Sudanese refugees 298.
(photo credit: Ariel Jerozolimski)
One must wonder how Musa sees the world. A black Muslim refugee from the Sudan, Musa's refusal to be drafted into the Sudanese army to fight the Arab janjaweed militiamen led to the burning of his village and the murder or disappearance of his 16-member family.
Yet those who carried out the retribution killings were not government forces, but Arab militiamen themselves, armed by the Sudanese government, the very men whom the Sudanese military was trying to defeat.
But when Musa fled that catch-22, he landed himself in another one: he has been imprisoned in Israel for eight months while the government finds itself institutionally incapable of granting him refugee status.
Now, a new initiative promised on Sunday by MKs from the Knesset Foreign Workers Subcommittee may finally change the status of Sudanese refugees in Israel.
While on a visit to Maasiyahu Prison on Sunday to see the Sudanese incarcerated there, MKs Gilad Erdan (Likud) and Avishay Braverman (Labor) promised to enact legislation that would grant them refugee status.
Israeli authorities have been systematically unable to find a solution for them other than imprisonment.
The history of their incarceration is a sad tale that leaves many questions unanswered.
Until January 2006, anyone fleeing the Sudanese genocide who landed on Israel's southern border was held by the security services under the Law of Entry.
After the Justice Ministry's review tribunal, which has oversight of those held under this law, released a handful of Sudanese, the security establishment acted to remove all civilian oversight from the imprisonment of the Sudanese. In January 2006, the Sudanese were officially placed under military expulsion orders by the IDF.
Though the state was aware from the start that it could not expel the refugees back to Sudan, it used the expulsion orders to place them in a legal limbo allowing for indefinite imprisonment. Israeli law does not mandate juridical oversight for the holding period that precedes expulsion, since it is meant to be short. Some of the refugees, however, have been in this limbo for over two years.
In April 2006, private civil rights activists petitioned the High Court of Justice to rule against this legal tactic, and the court's ruling led the state to appoint a special adviser to the defense minister who would interview the prisoners and give recommendations for their release.
The adviser - a jurist from the Justice Ministry - began work in August 2006, and has interviewed nearly all the estimated 220 Sudanese claiming refugee status in Israeli prisons.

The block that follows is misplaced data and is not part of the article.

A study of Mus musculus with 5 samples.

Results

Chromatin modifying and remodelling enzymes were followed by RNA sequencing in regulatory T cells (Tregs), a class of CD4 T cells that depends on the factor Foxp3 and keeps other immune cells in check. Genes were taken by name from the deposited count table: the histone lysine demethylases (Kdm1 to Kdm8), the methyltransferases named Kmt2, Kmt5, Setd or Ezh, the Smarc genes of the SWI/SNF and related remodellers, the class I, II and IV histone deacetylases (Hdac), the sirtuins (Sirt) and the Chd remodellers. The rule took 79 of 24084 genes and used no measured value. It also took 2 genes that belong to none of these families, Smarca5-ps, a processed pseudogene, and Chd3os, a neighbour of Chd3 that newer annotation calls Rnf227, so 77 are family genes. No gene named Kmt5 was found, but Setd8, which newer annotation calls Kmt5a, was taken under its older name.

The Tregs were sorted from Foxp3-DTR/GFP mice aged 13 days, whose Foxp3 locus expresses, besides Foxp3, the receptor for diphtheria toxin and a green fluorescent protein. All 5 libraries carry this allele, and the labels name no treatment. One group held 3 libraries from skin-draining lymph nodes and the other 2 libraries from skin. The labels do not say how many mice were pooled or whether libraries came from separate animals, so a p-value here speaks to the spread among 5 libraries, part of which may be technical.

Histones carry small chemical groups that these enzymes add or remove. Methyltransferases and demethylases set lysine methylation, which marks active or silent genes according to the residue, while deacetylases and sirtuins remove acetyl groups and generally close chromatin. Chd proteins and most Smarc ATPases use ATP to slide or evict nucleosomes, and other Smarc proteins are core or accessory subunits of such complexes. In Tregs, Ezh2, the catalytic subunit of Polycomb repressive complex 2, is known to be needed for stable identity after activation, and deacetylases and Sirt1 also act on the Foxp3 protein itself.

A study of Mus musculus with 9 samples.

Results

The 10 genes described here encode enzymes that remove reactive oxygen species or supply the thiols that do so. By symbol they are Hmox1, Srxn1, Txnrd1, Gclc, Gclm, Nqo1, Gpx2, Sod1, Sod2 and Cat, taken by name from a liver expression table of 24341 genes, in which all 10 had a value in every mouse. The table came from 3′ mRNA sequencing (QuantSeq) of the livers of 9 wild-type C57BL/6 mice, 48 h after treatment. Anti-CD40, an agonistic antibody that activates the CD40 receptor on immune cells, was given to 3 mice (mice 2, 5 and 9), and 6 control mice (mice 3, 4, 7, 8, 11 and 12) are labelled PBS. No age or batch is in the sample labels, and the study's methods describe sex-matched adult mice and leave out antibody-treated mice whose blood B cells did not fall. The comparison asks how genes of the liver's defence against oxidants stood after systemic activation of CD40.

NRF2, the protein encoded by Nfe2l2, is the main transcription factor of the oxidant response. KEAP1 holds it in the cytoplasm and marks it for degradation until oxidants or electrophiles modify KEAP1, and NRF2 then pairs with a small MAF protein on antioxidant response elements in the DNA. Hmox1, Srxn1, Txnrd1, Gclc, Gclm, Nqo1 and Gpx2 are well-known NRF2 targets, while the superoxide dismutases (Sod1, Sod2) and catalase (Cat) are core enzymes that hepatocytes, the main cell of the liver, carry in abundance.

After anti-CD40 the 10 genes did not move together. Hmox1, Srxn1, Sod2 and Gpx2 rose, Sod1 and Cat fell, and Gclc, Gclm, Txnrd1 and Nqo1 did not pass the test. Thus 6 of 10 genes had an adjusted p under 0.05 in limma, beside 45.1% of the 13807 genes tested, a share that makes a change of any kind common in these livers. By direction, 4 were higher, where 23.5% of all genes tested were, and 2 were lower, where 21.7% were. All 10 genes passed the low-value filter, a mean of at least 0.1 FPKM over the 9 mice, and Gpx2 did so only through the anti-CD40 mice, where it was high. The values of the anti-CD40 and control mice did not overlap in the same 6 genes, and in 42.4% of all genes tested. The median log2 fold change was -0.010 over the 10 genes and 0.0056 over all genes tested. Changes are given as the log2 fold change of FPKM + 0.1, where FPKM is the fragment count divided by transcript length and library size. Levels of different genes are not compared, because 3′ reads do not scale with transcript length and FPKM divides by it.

A handful - about 30 - were released to live on kibbutzim, working for pay in kibbutzim they are not permitted to leave. For most, however, even this situation was not available and 190 remain in Israeli prisons.
The catch-22 comes from several directions. The defense establishment has claimed that the refugees are held because they are "a security risk," since they are citizens of Sudan, an enemy state that has no diplomatic relations with Israel. Ties have been alleged, said to be supported by intelligence information, to al-Qaeda and other international terrorist organizations.
But this claim seems weak in the face of the conditions of their imprisonment. Many have free access to phones and Prisons Service officials told the MKs visiting Maasiyahu prison they had experienced virtually no trouble in dealing with them. Maasiyahu Prison commander Rami Ovadia even declared he has not received "one shred of information" related to security concerns of the prisoners.
Meanwhile, the Foreign Ministry's Director of International Organizations and Human Rights Daniel Meron, told The Jerusalem Post that the government was concerned about millions of Sudanese refugees in Egypt and elsewhere hearing that Israel was granting refugee status to those fleeing the Sudan.
Meron emphasized that the government was working to assist international efforts on behalf of the Sudanese, even contributing a symbolic sum of money and offering Israel's considerable professional expertise in medical and psycho-social relief and emergency management.
Until now, Meron noted, Israel had found itself unable to contribute to the extent that it wished, but was in "ongoing discussions with [the UN] on where we can help."
But the Foreign Ministry's desire to contribute to international efforts does not help those few refugees currently in its hands. For the activists working for the release of the Sudanese prisoners, the solution to the problem is simple.
"If Israel were to absorb some of them, other countries might take the rest," said Sigal Rozen, who volunteers to help with the Sudanese issue while also directing the Foreign Workers Hotline in Tel Aviv.
"What moral or legal justification does Israel have to ask others to take them in, when it won't take even one? Why would Australia want them if Israel claims they may be connected to al-Qaeda?"
While there is no immediate timetable for the legislation promised by Erdan and Braverman, the initiative was received with gratitude by activists.
"It's the only solution," said Rozen, "since they're not going to disappear. They're not going to evaporate away."